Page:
No president can walk into office knowing everything of importance to the decisions that have to be made. Even after four or eight years, albeit better educated than at the beginning, a president still needs good advisors. Even if the advice isn't always taken - and a good president is neither bound by nor dismissive of advice from the specialists in everything from drone warfare in Yemen to medical care in rural counties - that advice is important. A good support staff is nearly as important as a good president.
You might be inclined to dismiss that a little more in the case of Donald Trump, who famously has pronounced himself to have "a good brain" and declared himself his own best advisor. There's the feeling that he may, in the end, listen to no one but himself.
In this case, that might be as well, since his gaggle of campaign operatives is the weakest in the last few generations.
Ordinarily, in both parties, you don't reach the level of working upper operational or advisory levels of a major presidential campaign without becoming one of the best in the country at that kind of work. Going back at least a couple of generations, nominees for both political parties have brought in top-flight help to run the campaigns and provide advice. That core of support often carries over into the White House; many White House staffers in recent years, again in both parties, have graduated to there from campaign jobs (much as the television series The West Wing depicted).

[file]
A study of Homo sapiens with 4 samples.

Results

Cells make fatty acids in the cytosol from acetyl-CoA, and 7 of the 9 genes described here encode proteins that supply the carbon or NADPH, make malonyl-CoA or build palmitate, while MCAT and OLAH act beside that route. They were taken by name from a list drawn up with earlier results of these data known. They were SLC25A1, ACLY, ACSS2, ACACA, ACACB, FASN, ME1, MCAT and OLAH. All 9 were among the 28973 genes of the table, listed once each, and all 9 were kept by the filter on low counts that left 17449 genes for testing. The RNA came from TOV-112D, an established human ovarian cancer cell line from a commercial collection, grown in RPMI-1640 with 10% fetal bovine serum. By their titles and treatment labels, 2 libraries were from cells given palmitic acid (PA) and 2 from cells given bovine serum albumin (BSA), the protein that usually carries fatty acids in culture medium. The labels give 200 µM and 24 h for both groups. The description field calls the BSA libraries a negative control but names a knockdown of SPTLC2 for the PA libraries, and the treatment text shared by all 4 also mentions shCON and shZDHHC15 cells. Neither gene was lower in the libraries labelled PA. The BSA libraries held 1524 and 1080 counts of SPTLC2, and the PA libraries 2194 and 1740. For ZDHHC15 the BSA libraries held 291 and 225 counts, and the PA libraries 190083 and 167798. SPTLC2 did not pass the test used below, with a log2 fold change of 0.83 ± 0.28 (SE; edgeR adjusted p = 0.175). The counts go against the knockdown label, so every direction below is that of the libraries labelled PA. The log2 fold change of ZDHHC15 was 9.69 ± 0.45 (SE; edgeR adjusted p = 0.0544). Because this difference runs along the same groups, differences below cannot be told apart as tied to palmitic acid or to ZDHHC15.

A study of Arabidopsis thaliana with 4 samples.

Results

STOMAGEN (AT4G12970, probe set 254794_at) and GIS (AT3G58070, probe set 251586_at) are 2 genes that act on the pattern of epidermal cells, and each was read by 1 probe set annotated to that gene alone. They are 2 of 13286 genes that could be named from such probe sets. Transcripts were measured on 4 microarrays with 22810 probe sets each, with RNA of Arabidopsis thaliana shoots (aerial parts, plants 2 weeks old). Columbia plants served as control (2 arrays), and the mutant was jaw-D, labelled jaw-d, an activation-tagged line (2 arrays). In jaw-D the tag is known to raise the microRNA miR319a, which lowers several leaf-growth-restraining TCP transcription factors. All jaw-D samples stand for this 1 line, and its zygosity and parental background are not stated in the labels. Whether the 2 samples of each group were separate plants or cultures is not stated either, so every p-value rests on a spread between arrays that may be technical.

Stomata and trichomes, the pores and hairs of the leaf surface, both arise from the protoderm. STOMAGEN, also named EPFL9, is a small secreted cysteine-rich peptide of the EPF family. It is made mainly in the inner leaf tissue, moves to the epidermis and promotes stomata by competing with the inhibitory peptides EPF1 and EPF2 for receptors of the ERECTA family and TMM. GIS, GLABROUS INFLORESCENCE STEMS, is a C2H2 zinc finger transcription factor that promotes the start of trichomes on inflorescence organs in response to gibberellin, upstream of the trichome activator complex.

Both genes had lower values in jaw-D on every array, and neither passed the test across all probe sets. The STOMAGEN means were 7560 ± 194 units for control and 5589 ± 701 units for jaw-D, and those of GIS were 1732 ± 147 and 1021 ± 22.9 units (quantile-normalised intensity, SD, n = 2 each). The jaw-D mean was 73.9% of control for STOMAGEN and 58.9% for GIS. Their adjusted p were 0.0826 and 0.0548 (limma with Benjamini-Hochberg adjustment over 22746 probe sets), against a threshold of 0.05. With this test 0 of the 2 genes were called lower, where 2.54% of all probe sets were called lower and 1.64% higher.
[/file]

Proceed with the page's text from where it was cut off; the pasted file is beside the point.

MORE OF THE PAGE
That's the case with the Hillary Clinton campaign, a corps with deep political and policy experience in recent Democratic campaigns. Most of the Republican candidates for president probably would have had a counterpart in place now, but the actual nominee, Donald Trump, from the beginning has scoffed at the idea of running an actual campaign organization. What do you need that for if you have rallies and free media?
Actually, you need a substantial organization for many things, but one of those, if you do manage to win the election, is to help provide a staff core for the next administration.
So what does Trump have along those lines?
The closest he has had to a conventional experienced campaign staffer was former manager Paul Manafort, who wound up being a political liability over his connections with Russia and being on the outs with others in the campaign. He was far from an optimal choice - his direct experience in American presidential politics is more than a generation in the past - but at least he had some idea of what the norms were.
Now the closest to that mark is his titular campaign manager but in effect spokesman, Kellyanne Conway, who does have useful experience as a pollster but not in any of the other jobs she seems to have been asked to do. The CEO of the campaign, Steve Bannon, has no campaign or governmental experience of any kind - he's been a stirrer of controversy and little more. And a variety of people hanging around the campaign and evidently getting Trump's ear more than many of the staffers do are no more helpful. (A few mid-level staffers do have some significant Republican Party political experience, but they seem not to be exerting major roles in the campaign.
The Breitbart web organization last year quoted Trump on the subject of where he got his advice on military action: "I watch the shows."
If his campaign careens now, you could expect a Trump White House would do the same. Or worse.